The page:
D.C. Protests: U.S. Park Service Eyes Next Steps For Occupy DC's McPherson Square Encampment

U.S. Park Service Eyes Next Steps For Occupy DC's Encampment

WASHINGTON -- While relations between the group of assembled protesters in McPherson Square and local police jurisdictions have been relatively peaceful since Occupy DC started its encampment more than three weeks ago, that could change this week.

As The Washington Post reported this weekend, the U.S. Park Service plans to distribute fliers to detailing "health and safety" concerns to the McPherson Square protesters on Monday, who are occupying the federally-controlled downtown park without a permit.

Local and federal jurisdictions, including the D.C. mayor's office, the U.S. Park Police, the Metropolitan Police Department and the D.C. attorney general's office, have been in engaged in "sensitive and delicate" discussions, the Post reports, on how to balance the protesters' First Amendment rights with the need to maintain safe public access to the square.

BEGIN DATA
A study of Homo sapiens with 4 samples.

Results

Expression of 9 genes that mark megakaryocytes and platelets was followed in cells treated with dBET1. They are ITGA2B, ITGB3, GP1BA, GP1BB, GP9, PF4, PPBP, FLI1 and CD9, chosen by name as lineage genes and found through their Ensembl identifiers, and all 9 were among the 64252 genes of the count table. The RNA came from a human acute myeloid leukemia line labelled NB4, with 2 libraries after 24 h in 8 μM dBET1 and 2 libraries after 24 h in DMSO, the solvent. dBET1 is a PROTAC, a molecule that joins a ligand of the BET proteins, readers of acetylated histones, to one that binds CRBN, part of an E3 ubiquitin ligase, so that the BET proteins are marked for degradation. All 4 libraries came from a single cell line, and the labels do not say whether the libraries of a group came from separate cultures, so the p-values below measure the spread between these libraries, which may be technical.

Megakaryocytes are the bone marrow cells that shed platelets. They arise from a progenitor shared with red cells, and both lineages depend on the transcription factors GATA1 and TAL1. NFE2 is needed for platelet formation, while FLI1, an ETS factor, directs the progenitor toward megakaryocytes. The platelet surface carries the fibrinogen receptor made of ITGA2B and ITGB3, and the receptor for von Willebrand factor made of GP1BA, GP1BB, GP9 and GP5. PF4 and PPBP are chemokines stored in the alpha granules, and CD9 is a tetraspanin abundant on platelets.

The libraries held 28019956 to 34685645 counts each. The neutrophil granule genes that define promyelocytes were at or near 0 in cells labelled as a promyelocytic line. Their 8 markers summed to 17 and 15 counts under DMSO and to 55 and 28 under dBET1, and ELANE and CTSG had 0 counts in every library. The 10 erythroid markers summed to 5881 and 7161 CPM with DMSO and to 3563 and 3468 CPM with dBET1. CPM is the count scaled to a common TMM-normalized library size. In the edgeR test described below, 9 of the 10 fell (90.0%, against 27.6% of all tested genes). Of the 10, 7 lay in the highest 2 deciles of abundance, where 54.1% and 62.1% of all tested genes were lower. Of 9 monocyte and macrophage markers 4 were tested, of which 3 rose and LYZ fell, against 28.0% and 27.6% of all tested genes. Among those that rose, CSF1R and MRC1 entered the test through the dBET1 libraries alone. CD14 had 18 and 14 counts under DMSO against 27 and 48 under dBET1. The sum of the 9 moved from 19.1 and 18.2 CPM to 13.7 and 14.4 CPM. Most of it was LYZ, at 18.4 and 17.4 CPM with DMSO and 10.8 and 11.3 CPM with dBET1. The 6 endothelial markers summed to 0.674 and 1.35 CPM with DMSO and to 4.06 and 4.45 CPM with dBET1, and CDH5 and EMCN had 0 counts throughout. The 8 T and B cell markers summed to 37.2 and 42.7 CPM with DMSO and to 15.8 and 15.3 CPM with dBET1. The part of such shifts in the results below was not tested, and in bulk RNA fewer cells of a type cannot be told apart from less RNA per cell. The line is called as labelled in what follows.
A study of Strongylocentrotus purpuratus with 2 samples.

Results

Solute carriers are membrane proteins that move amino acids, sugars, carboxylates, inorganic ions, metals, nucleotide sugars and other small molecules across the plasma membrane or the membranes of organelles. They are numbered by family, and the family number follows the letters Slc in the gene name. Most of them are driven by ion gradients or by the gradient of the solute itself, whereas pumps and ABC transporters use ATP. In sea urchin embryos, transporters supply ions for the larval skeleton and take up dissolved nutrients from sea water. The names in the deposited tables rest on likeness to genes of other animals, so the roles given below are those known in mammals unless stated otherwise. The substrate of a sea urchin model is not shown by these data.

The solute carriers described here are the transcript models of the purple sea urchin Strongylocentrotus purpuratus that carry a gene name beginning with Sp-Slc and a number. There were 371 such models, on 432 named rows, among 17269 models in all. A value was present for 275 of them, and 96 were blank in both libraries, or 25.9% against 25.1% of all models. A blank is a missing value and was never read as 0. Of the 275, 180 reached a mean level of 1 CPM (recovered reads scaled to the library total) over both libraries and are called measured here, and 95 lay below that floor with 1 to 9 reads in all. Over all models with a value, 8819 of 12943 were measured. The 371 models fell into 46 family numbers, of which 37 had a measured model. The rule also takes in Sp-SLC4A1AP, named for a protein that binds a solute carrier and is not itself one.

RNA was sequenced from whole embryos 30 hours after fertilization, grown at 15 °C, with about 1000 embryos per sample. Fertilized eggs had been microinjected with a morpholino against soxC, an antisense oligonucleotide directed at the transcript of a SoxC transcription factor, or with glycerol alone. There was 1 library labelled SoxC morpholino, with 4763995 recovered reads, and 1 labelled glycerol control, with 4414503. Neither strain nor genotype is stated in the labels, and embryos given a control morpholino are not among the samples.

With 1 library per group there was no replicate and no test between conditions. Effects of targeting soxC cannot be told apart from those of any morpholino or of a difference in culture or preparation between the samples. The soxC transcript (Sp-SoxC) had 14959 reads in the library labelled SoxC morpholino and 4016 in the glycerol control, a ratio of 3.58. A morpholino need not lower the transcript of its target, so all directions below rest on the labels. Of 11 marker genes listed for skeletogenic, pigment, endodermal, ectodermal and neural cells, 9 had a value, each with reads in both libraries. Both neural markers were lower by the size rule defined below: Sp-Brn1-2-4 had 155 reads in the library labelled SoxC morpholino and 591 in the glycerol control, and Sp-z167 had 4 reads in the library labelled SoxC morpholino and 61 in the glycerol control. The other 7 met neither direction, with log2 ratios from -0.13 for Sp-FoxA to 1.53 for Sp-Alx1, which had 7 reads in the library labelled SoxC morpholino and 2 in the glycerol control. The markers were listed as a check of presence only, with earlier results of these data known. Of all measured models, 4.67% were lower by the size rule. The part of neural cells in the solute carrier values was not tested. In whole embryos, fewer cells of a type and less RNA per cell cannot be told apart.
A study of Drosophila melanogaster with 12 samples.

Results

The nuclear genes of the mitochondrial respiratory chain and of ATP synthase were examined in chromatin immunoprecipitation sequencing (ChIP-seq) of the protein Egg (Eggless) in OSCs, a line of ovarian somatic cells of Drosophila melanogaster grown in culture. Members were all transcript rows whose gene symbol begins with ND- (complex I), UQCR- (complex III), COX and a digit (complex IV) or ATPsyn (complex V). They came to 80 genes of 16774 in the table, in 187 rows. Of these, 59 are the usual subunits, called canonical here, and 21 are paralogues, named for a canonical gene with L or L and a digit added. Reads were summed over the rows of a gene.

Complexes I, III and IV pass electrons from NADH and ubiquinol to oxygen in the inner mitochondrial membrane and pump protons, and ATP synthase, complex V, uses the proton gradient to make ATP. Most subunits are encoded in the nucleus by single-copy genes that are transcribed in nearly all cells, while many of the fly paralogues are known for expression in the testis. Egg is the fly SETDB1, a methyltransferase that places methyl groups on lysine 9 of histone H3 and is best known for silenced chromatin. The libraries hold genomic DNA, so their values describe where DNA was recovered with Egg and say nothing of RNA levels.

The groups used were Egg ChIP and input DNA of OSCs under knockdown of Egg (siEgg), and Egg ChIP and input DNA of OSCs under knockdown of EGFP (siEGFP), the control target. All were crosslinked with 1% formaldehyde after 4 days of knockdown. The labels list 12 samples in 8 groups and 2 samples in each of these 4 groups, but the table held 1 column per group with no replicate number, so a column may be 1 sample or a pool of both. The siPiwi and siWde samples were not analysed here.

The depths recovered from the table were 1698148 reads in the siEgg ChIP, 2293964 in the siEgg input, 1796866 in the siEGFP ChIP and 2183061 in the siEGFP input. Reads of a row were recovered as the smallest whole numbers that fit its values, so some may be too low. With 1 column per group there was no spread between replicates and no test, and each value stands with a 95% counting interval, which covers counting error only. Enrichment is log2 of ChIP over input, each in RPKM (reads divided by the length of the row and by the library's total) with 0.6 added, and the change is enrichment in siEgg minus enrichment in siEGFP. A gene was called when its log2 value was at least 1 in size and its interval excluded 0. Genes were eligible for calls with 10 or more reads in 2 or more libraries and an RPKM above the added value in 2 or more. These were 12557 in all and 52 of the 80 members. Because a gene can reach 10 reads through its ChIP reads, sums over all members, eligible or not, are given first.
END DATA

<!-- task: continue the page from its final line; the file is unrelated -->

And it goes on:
As The Huffington Post reported on Oct. 14, sanitation issues have been a major concern in the park as the number of protesters increased and since major rain first fell on the encampment, creating muddy conditions. Downtown business owners and groups that represent them have also expressed worries about just how long the protest will continue, citing trash as an issue. Protesters, who have pledged to camp in the square into the winter, have made sanitation improvements to their encampment as their numbers have grown.

As the Washington Examiner reported last week, officials are also concerned about the health of McPherson Square's grass, which was replaced with federal stimulus money earlier this year. New sod replacement could cost $200,000.